This month we ask "How do unions help in healthcare science?"

Colenzo Jarrett-Thorpe
National Officer – Health
Unite the Union

In the ever-shifting sands of the NHS, there needs to be constructive engagement with trade union and healthcare science leaders to ensure the charge towards hub-and-spoke models of service delivery are benefiting patients, and that the scientific workforce reaches its full potential.

Too often workforce issues are an afterthought in these projects. Centralisation is an opportunity, but also a threat – some believe that pathology networks in England could see a 30% reduction in workforce.  

For any change to be successful, the workforce need to buy into the change and be actively engaged. Trade unions are the premier agents in staff engagement – since through our experience and network of workplace representatives, who have expertise of the clinical and staffing issues – engagement means addressing the issues that concern staff.  

Academics have shown that better staff engagement leads to better patient care, but to achieve this, trade unions need to be involved in workforce issues early on; when the ideas are only formative. Workforce plans regarding tendering processes should be produced in partnership with local trade union representatives and communication on both sides should be open and transparent. Trade unions, as the employees’ voice, are a prerequisite for high-quality healthcare science service in the NHS, which will lead to better outcomes for patients.


Donna Torrance
Training Manager Blood Sciences
North West London Pathology

When I started working for the NHS, individuals doing the same job at different hospitals could have different salaries and annual leave, spine points could be negotiated and, each year, unions at each hospital would negotiate pay increases for individual groups of staff.  

The most radical overhaul of the NHS pay structure was Agenda for Change (AfC) and this was driven by unions and the demand for equal pay for equal work. Whether you agree or not with the final implementation, AfC standardised pay structure, career progression and terms and conditions of all NHS staff, and created a system that attempted to provide equal pay for equal work.

All of the working conditions we have, including equality in the workplace, working time directive and flexible working, are in place because of union involvement. Unions have representation at national, regional and local level and this allows staff concerns to be addressed and negotiations to be conducted at all levels. These negotiations may not always feel like NHS staff have received the best deal, however, I fear without unions the conditions would be worse.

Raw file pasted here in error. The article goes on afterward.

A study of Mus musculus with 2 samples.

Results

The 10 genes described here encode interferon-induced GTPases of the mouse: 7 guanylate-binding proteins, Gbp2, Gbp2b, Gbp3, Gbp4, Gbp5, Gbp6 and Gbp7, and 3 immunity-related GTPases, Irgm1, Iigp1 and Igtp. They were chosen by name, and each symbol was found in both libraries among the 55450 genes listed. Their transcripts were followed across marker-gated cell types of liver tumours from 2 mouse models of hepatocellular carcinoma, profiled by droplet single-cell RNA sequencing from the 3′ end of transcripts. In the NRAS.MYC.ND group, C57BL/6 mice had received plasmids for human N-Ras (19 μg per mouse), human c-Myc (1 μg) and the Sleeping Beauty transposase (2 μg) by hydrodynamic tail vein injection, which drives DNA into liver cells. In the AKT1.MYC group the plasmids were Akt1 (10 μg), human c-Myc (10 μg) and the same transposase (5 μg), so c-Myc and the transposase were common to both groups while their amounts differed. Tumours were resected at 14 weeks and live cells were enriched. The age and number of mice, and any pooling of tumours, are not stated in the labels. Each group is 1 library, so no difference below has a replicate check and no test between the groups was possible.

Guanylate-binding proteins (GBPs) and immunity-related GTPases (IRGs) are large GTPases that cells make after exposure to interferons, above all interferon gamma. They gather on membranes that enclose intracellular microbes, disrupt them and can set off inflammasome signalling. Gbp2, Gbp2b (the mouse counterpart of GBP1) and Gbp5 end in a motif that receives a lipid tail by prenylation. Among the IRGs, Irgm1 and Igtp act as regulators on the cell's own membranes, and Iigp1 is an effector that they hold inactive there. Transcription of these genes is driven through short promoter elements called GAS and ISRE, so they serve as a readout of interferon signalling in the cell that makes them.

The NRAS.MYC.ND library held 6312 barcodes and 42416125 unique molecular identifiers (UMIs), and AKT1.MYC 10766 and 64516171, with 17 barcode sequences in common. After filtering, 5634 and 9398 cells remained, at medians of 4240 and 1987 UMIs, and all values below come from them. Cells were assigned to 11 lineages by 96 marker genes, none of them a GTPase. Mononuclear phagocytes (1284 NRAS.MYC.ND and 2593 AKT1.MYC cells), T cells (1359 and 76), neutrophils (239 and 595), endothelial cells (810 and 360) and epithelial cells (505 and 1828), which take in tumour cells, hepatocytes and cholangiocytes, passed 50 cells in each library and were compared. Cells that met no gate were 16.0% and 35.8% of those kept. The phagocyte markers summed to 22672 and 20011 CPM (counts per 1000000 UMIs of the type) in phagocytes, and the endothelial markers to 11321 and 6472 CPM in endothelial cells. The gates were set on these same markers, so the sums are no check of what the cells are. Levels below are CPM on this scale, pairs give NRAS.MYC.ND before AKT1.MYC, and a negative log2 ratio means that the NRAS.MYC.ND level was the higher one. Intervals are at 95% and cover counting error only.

Unions help in healthcare as they protect working conditions, raise public awareness of issues relevant to the NHS, allow a national voice and negotiating power to the staff and help maintain quality of patient care by supporting staff to raise concerns over service provision, health and safety and quality issues. But a union is only as strong as its members.



Joanna Andrew
Laboratory Medicine Manager (designate)
York and Scarborough Hospital

I have been a member of a union since starting in the profession back in 1993. I was simply handed a form – there was no discussion or explanation, it was just assumed that everyone would join. I didn’t really know what it meant, or how it would benefit me as an individual.

As my career has developed, I have been involved with unions for many reasons, not all positive, but, overall, my response is: “Yes, unions do help and they are a vital support for the workforce.”

The current process of consolidating pathology services is leading to workforce changes, challenges and uncertainty. The unions are able to ensure negotiations are fair and members feel supported.

The reduction in cytology laboratories due to the centralisation of screening services with the introduction of human papillomavirus (HPV) screening led to 14 members of staff at my trust being made redundant. This was the first time, as a manager, I had faced dealing with the devastating impact of job losses. I really valued the support from the union during the redundancy consultations.

The union representative was vital in ensuring that staff understood the process. Their expertise and understanding of processes, such as the Transfer of Undertakings (Protection of Employment) Regulations 2006, known colloquially as TUPE, and their knowledge of NHS terms and conditions under AfC were invaluable in being able to negotiate the best possible outcome for all the staff in very difficult and sad circumstances.